Command Line Event Logs - Part 2


In my last article Command Line Event Logs I introduced the command line utility WEVTUTIL.EXE, which you can use to get event log information on your Windows 7 machine. In this article, I want to show you how to use it to manage the event logs themselves. Remember, you can always ask the utility for help.

If some of the parameters don’t make sense to you in the following examples, take a few minutes to go back and read Command Line Event Logs – Part 1.

Listing Logs

The first task to look at is enumerating all the event logs. You might also need to know the log name for query purposes. All we need to do is use the el or enum-logs parameter. Here are the logs on the remote server CHI-FP01:

I piped to MORE to send results in pages. The server is running Windows Server 2008 R2 so it has all of the new diagnostic logs. Once you’ve identified a log, you can get additional information on it using the gli or get-log-info parameter.

The file size is in bytes and I can see that there are almost 2,400 entries in the Application log. Here’s a little trick if you want to build a report for one or more logs. First, create a text file of all the log names you are interested in. You can do this manually, or send output to a text file.

Now, use the FOR command to get log information for every log in the list and redirect to another text file.

Depending on what log names are in the list and the computer you query, you might get some errors. In my case I built the text file from Windows 7, but queried Windows Server 2008 R2, so some logs don’t exist. Naturally the better step is to create platform specific lists. But I hope you get the idea.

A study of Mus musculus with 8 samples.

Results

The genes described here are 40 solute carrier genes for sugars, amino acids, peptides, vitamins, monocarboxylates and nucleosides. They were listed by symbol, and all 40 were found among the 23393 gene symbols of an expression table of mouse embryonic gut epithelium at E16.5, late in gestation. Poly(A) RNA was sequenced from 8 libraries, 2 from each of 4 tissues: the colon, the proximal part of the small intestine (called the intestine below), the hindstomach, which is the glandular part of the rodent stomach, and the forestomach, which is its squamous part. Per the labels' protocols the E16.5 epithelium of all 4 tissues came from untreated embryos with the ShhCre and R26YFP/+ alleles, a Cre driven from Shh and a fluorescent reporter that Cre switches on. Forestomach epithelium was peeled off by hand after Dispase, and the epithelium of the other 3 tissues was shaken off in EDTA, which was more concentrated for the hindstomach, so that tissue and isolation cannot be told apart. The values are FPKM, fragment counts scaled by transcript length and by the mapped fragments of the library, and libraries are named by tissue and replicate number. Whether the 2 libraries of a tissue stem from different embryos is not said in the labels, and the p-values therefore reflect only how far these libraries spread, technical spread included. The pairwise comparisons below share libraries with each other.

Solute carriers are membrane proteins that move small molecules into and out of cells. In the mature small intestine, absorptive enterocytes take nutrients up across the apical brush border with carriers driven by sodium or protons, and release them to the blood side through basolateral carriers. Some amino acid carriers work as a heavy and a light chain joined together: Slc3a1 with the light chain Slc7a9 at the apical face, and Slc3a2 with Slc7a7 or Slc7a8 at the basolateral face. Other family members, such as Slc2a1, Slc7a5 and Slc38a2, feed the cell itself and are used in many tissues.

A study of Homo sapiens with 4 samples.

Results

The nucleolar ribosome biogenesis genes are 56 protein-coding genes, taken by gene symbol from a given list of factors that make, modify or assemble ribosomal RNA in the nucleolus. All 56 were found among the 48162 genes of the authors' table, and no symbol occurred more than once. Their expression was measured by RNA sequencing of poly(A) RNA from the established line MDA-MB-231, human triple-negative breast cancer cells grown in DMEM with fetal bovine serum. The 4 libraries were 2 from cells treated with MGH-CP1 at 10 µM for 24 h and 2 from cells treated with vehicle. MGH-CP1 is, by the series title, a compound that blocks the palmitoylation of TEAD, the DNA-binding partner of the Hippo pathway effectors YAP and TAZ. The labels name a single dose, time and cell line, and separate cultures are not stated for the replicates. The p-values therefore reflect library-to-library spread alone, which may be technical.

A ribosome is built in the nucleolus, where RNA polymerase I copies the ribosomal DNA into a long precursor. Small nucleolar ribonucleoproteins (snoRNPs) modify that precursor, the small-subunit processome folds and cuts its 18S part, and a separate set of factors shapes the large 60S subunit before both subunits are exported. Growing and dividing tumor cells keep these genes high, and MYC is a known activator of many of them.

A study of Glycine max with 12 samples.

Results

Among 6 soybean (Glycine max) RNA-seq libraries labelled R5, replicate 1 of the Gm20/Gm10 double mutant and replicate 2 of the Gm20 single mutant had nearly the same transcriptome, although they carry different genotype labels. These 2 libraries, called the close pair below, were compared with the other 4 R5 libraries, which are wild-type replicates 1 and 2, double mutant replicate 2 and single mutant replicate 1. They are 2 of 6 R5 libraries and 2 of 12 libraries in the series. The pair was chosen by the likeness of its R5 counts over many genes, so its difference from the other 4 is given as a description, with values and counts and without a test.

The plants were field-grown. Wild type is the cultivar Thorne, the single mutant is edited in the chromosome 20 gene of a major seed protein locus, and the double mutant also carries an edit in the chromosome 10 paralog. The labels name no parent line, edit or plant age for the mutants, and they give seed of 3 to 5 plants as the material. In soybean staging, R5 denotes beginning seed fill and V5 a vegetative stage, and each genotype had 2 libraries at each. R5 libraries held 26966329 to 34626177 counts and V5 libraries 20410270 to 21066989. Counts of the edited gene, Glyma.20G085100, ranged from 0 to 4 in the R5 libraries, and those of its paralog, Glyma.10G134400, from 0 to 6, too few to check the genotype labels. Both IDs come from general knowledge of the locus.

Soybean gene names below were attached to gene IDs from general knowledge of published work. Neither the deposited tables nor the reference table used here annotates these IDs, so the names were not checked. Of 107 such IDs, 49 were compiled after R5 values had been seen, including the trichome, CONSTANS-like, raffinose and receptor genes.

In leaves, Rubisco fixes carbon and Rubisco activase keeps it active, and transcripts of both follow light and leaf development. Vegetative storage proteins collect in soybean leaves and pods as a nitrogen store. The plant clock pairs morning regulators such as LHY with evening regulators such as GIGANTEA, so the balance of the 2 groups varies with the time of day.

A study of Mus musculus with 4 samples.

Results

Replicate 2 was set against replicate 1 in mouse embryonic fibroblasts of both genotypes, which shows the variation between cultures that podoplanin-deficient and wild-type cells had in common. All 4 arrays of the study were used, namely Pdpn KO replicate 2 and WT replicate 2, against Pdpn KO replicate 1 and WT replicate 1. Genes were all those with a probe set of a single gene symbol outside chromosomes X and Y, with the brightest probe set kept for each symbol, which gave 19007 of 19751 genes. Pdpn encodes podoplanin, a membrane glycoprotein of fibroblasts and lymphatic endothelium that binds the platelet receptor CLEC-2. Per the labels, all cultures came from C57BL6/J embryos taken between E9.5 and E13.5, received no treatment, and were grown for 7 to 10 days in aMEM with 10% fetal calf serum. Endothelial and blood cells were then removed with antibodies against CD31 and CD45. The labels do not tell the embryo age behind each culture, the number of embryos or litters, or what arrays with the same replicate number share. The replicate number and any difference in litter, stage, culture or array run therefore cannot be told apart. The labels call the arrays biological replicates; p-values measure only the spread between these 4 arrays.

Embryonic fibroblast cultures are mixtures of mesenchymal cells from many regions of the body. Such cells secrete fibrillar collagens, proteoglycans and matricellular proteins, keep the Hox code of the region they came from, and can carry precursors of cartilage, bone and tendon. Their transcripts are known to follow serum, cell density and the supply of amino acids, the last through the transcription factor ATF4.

Get Log Configuration

In addition to details about the log contents, we can use this tool to discover log properties such as whether it is enabled, its file name and size. Use the gl or Get-Log parameter.

Set Log Configuration

If I want to modify a log setting, such as maximum file size I’ll use the sl or Set-Log parameter. I’m going to change the max file size on the backup log to about 2MB.

Re-querying the log I can see my change in effect.

To see all of the set options, look at help for this command.

Export Logs

I can export an entire log to a file using the epl or export-log parameter.

Be sure to get parameters in the right order. You must specify the log name first and then the target file. If you have created an XML query and saved it to a file, like I did in Part 1, you can also use that query to export selected events. Simply substitute the path to your query file in place of the log name.

There is one very important caveat here when you export logs on remote computers: the target path is relative to the remote computer. So in my examples, the exported logs are in C:\Work on CHI-FP01. However, you can use a UNC as part of the path. Use this export feature for log backups.

Clear Logs

The last task you may have is to clear an event log. This is easily accomplished with the cl or clear-log parameter.

If you didn’t export events first, you can use the /bu parameter as I’m doing here and create a backup log first. As with exporting, the path is relative to the computer and you can use a UNC.

Checking the log again, I can see that I was successful.


Using WEVTUTIL takes a little practice so try these commands out in a test environment first. In future articles I’ll show you how to accomplish these same tasks using Windows PowerShell.